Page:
Autumn signals the coming of winter to our bodies – and with that comes the desire to consume more energy-dense foods like fats and carbs. While (sadly) humans don’t get to hibernate, the coming of colder weather and fewer hours of sunshine mean we find ourselves craving warming, stodgy meals.
Let’s feed these cravings with seasonal autumn foods for maximum nourishment.
What foods are in season during the UK autumn?
Seasonal foods include:
Eating seasonally over the autumn
A healthy, seasonal diet in autumn might be a mixture of the following:
- Root vegetables: carrots, squash, pumpkin and sweet potato
- Whole grains: brown rice, quinoa, oats and millet
- Legumes: beans, chickpeas, lentils, soybeans.
- Green vegetables: broccoli, spinach, kale, celery, rocket and artichokes
- Fruit: apples, pomegranates, citrus fruits and pears
- Fish: sea bass, cod, sole and haddock
- Herbs: ginger, turmeric, cinnamon, rosemary, thyme, basil and dill.
Tips for eating seasonally this autumn
- Focus on in-season produce such as sweet potatoes, squash, apples, dark leafy greens, beets and cook comforting foods like homemade soups and stews. These will help curb unhealthy cravings while providing plenty of nourishment.
- Sneak as many fibre-filled vegetables into your autumn diet as you can with hearty soups. Add any greens, beans, lentils, whole grains, and veggies you may have along with protein, like chicken, prawns or tofu.
- Get your vitamins with the citrus fruit that’s abundant in the colder months. Snack on oranges or make a delicious salad with some citrus and winter greens like kale.
- While craving carb-rich food is natural and you shouldn’t deprive yourself, try and make healthy swaps when you can. For instance, a warming bowl of pasta and cheese can be made healthier by switching to a wholegrain pasta and adding a variety of roasted winter vegetables.
- Make sure to drink plenty of water. Dehydration is actually common in cooler months as the lack of hot weather can fail to signal our thirst and ensure we’re drinking enough.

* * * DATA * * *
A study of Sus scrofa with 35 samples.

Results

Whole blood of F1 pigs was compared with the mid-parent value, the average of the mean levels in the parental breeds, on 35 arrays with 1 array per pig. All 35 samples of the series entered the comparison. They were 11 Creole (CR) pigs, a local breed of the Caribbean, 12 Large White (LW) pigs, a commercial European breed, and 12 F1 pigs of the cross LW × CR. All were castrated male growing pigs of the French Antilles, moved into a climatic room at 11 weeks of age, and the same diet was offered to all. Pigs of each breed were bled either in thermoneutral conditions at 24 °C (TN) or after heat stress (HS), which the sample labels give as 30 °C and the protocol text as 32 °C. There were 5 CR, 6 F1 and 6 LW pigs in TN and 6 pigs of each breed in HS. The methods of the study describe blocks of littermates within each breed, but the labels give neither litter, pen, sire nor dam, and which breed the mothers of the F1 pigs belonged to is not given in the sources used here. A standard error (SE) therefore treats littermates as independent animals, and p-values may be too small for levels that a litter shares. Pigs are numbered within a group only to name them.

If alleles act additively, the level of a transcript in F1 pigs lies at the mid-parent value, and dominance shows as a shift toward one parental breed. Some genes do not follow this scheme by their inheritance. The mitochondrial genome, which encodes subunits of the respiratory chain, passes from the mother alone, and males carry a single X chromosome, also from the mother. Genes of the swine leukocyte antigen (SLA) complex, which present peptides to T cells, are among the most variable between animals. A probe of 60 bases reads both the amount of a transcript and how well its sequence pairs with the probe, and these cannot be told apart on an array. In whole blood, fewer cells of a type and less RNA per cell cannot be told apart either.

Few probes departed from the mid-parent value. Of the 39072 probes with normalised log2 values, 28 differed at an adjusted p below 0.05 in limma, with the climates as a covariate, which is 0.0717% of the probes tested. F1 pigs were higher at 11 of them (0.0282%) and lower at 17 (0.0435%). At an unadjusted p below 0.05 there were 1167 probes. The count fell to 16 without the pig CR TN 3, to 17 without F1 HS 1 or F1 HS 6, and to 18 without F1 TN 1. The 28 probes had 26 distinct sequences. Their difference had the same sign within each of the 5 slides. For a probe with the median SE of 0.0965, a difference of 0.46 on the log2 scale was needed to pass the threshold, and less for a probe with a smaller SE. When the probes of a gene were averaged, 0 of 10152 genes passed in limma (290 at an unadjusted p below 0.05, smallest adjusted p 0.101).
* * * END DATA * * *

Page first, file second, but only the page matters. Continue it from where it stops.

Why is eating seasonally so important?
It’s more environmentally friendly and sustainable
When food has to travel a long way to get to the UK, it often comes with a larger carbon footprint. When you buy seasonal food, you’re helping to reduce the demand for out-of-season produce that needs to be transported from other countries. This helps to reduce the energy and greenhouse gases released through refrigeration, transportation, artificial hothouses, fuels and much more.
When you eat seasonally, the food you eat is more likely to have been produced locally. This means that not only does it have a much shorter distance to travel (making it more environmentally-friendly and sustainable), but it is fresher and more nutritious. Additionally, you are also helping to support local farmers and the local community.
It tastes better
Food that is grown and picked in season will taste much riper, fresher and sweeter. Food transported long distances is often picked ahead of its ripeness so that it doesn’t arrive in the UK overripe and unusable – this means it isn’t picked at its optimal stage and won’t taste as good.
When you eat locally, the time it takes for food to get from the ground to your table is drastically lower, meaning it’s fresher and tastier.
It’s more nutritious
As many nutrients in produce decline over time, long transportation means that by the time you receive it, many of the nutrients have been lost. By eating seasonal foods, you are more likely to get the full nutritional benefits.
It’s more affordable
Eating local food that’s in-season pushes down the cost of food as there’s no large transportation or storage costs. Usually when there’s a large harvest of in-season produce, cost naturally decreases.
At David Lloyd Clubs, we serve a number of nutritious and delicious dishes packed with seasonal food. Find out more about our food menu.